Hawai‘i Homeowners Near the Top in Equity

97.5 percent of Hawai‘i residences with mortgages have positive equity.

The vast majority of homeowners in Hawai‘i have equity in their properties, despite having some of the highest home prices in the nation.


A new report by CoreLogic, a data and analytics company, found that 97.5 percent of Hawai‘i residences with mortgages have positive equity, only behind Texas (97.9) and Alaska (97.6). Others in the Top 5 include Montana (97.2) and Colorado (96.7).


What does that mean? The higher percentage of homeowners with equity generally means a more stable, healthier housing market overall.


On the flip side, Nevada had the highest percentage of homes with negative equity at 20.6 percent, according to the report. That means 1 in 5 homeowners in the Silver State owe more on their mortgages than their home is worth. Negative equity is often referred to as being “underwater” or “upside down” in a property and can happen when home values drop or when the homeowner takes on more mortgage debt, or a combination of both.


Nevada was followed by Florida (18.5 percent), Arizona (15.4), Rhode Island (13.8) and Illinois (13.1). Combined, these five states accounted for nearly a third of the negative equity in the nation, according to Corelogic.


Being underwater could make it more difficult to refinance, obtain new financing or sell the properties. It could also eventually send the property into a short sale or foreclosure.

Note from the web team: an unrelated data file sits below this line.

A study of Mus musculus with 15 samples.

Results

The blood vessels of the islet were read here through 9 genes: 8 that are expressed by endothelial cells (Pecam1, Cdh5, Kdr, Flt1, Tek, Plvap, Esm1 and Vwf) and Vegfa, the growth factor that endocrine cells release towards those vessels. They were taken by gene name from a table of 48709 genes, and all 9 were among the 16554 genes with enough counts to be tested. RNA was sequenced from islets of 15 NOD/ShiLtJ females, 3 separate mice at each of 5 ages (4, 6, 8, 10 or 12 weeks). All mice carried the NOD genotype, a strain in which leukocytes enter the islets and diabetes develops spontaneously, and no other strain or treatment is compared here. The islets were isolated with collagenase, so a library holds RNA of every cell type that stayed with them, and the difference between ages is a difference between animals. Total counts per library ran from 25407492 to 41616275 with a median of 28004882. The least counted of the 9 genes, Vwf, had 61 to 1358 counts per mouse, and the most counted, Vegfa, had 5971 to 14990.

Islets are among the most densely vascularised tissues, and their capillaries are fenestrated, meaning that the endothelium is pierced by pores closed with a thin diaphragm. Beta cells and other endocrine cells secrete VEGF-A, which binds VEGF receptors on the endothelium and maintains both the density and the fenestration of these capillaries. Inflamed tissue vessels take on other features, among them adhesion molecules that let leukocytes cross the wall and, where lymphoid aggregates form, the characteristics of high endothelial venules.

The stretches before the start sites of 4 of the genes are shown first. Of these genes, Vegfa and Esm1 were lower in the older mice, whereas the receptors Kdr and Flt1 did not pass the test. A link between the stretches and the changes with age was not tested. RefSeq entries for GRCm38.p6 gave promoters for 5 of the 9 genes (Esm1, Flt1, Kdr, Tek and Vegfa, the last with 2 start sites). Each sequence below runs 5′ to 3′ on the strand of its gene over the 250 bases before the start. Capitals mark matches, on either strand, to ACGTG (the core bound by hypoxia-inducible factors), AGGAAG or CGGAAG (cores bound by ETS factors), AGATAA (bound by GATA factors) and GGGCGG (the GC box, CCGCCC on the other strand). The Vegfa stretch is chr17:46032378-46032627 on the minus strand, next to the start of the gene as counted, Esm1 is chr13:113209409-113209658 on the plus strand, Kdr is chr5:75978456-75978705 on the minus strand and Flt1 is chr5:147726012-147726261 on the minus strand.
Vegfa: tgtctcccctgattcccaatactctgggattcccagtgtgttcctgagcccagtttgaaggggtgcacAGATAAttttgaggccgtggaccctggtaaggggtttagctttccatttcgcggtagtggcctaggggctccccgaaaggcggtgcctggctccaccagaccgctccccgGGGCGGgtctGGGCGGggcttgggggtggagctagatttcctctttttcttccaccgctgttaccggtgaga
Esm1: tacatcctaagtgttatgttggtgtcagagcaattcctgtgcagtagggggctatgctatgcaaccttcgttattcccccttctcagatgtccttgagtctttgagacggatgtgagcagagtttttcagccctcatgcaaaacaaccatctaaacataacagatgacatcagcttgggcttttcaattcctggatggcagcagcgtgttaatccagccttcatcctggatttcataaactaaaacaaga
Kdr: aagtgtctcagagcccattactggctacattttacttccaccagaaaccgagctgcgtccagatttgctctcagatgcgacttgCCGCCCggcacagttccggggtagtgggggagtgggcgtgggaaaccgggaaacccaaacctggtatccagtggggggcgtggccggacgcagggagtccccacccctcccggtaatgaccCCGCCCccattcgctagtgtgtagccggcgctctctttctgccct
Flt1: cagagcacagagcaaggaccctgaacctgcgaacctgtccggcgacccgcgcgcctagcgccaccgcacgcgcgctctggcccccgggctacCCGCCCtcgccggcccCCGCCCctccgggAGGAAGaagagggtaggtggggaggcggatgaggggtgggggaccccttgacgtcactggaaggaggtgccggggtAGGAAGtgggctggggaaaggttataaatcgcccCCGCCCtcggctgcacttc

Corelogic also reported that 759,000 properties nationwide gained equity in the second quarter, bringing the total number of mortgaged residential properties with equity to about 45.9 million, or 91 percent of all mortgaged properties. Borrower equity increased year over year by $691 billion in the second quarter.


“For much of the country, the negative equity epidemic is lifting. The biggest reason for this improvement has been the relentless rise in home prices over the past three years which reflects increasing money flows into housing and a lack of housing stock in many markets,” says Anand Nallathambi, president and CEO of CoreLogic.


The company predicts home prices will rise an additional 4.7 percent over the next year in America and, if this happens, 800,000 homeowners could regain positive equity by July 2016.


Frank Nothaft, chief economist for CoreLogic, says “home price appreciation and foreclosure completions both reduce the number of homeowners with negative equity, the latter because most homeowners who lost homes through foreclosure had some level of negative equity."


The total number of mortgaged residential properties with negative equity is now at 4.4 million, or 8.7 percent of all mortgaged properties. This compares to 5.4 million homes, or 10.9 percent, reported in the same quarter last year. The number of underwater homes has decreased year over year by 1.1 million, or 19.4 percent.